About the Hair

It flummoxes some folks to learn that – as spa-di-da as I am with regular facials – I will go to the place in the mall to have my hair cut and colored.  So here is the story:

There is nothing to cutting my hair.  It is bone-straight and baby fine.  I could almost manage it myself.  Color, however, is a pain.  I have paid to have my hair colored since I went through the agony of growing out the black dye I had been putting on it through college.  (And maybe a couple of years after.)   And particularly since I redid my bathroom and decided I like not having dye splattered all over the walls.

After Sue, the lady that ushered me through said agony, moved to Arizona, I was on my own.  I think I went to every salon in two counties and always left unhappy.  I once even returned to a salon the next day to ask that they fix it.

When I walked into this place in the mall, the guy (it was a guy!) sat me down and listened to my whiny little story about one that was too dark and too red and one that was too light and too brassy and I want to match my skin and I don’t want to be dull

“Don’t worry, I ‘ve got it,” he said.

And he totally did.  He mixed two different shades and two different highlights and it came out just right.  He told me the formula and wrote it down on a card for the next time that I came.

I was so confident.  There was a formula.  A secret combination.  I knew what it was!  I could speak the language!  I wasn’t going to be tied to any one salon or any one stylist because I had a formula for my hair color.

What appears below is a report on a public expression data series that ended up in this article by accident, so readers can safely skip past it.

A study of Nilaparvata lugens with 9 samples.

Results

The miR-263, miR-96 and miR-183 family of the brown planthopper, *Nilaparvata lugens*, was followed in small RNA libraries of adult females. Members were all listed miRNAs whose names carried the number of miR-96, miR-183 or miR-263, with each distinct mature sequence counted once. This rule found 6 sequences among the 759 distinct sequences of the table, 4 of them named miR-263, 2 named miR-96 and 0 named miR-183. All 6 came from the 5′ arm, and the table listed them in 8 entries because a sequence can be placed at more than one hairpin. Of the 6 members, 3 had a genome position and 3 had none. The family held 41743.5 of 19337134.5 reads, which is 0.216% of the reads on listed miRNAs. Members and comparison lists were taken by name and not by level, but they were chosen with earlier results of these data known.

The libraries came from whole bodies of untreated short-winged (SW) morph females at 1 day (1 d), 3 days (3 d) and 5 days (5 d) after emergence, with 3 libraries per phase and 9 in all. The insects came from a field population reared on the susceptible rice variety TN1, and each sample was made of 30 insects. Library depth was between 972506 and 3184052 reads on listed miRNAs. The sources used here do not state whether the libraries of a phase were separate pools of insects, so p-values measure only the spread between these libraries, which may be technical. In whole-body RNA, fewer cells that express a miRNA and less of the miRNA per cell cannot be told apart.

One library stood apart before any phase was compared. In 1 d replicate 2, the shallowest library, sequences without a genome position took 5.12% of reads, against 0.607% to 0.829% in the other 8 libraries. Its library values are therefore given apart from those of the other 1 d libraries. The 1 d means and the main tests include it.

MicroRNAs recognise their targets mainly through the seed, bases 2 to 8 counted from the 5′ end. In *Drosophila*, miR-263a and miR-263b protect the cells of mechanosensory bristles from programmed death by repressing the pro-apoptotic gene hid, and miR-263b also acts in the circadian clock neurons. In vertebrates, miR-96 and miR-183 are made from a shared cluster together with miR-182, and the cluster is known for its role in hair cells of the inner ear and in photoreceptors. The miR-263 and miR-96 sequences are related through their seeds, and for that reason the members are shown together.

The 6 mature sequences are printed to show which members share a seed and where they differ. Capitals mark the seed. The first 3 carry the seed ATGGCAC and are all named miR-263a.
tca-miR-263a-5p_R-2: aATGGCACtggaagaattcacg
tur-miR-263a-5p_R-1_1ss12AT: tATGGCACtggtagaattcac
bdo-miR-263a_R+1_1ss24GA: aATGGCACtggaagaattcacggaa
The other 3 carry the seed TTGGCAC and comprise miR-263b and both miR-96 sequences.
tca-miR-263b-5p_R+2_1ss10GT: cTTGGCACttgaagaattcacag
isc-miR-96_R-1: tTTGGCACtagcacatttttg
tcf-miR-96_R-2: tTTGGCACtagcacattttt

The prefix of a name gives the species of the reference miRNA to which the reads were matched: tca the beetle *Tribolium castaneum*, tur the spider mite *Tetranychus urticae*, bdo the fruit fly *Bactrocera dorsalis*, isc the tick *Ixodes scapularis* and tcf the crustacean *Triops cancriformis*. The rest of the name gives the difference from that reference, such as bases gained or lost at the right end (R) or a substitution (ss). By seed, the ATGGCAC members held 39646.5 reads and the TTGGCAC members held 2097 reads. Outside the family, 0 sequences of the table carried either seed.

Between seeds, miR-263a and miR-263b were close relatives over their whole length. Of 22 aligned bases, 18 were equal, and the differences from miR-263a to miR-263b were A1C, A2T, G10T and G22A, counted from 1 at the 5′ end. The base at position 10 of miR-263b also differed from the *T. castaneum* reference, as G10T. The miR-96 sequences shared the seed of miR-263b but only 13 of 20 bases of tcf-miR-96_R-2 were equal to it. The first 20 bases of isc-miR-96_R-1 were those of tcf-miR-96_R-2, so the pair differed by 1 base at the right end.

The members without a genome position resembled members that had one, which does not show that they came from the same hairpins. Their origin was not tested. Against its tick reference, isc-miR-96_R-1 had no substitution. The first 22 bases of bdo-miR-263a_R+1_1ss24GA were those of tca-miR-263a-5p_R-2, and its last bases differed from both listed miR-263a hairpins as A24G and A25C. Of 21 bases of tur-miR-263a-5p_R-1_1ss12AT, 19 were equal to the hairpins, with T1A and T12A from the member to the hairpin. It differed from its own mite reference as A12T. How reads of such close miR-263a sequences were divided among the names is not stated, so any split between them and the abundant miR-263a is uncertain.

Not so much.  Different salons use different product lines and they don’t call the colors by the same combinations.  And even then, you might land with a stylist that says, “I know what you are talking about, but that isn’t what your color is now.”  Seriously.

And I still don’t entirely trust my own instincts.

Every time I go to the place in the mall, I leave with the color I want.  Every time I don’t, I am disappointed.  Or angry.

The moral of the story is, as my dad said: You are the client.

He was talking about the dentist, but it is a useful mantra when paying for a wide variety of services where you have to put your trust in a professional.  Doctor, dentist, mechanic, aesthetician, veterinarian, contractor, financial planner.  These, to me, are important long term relationships.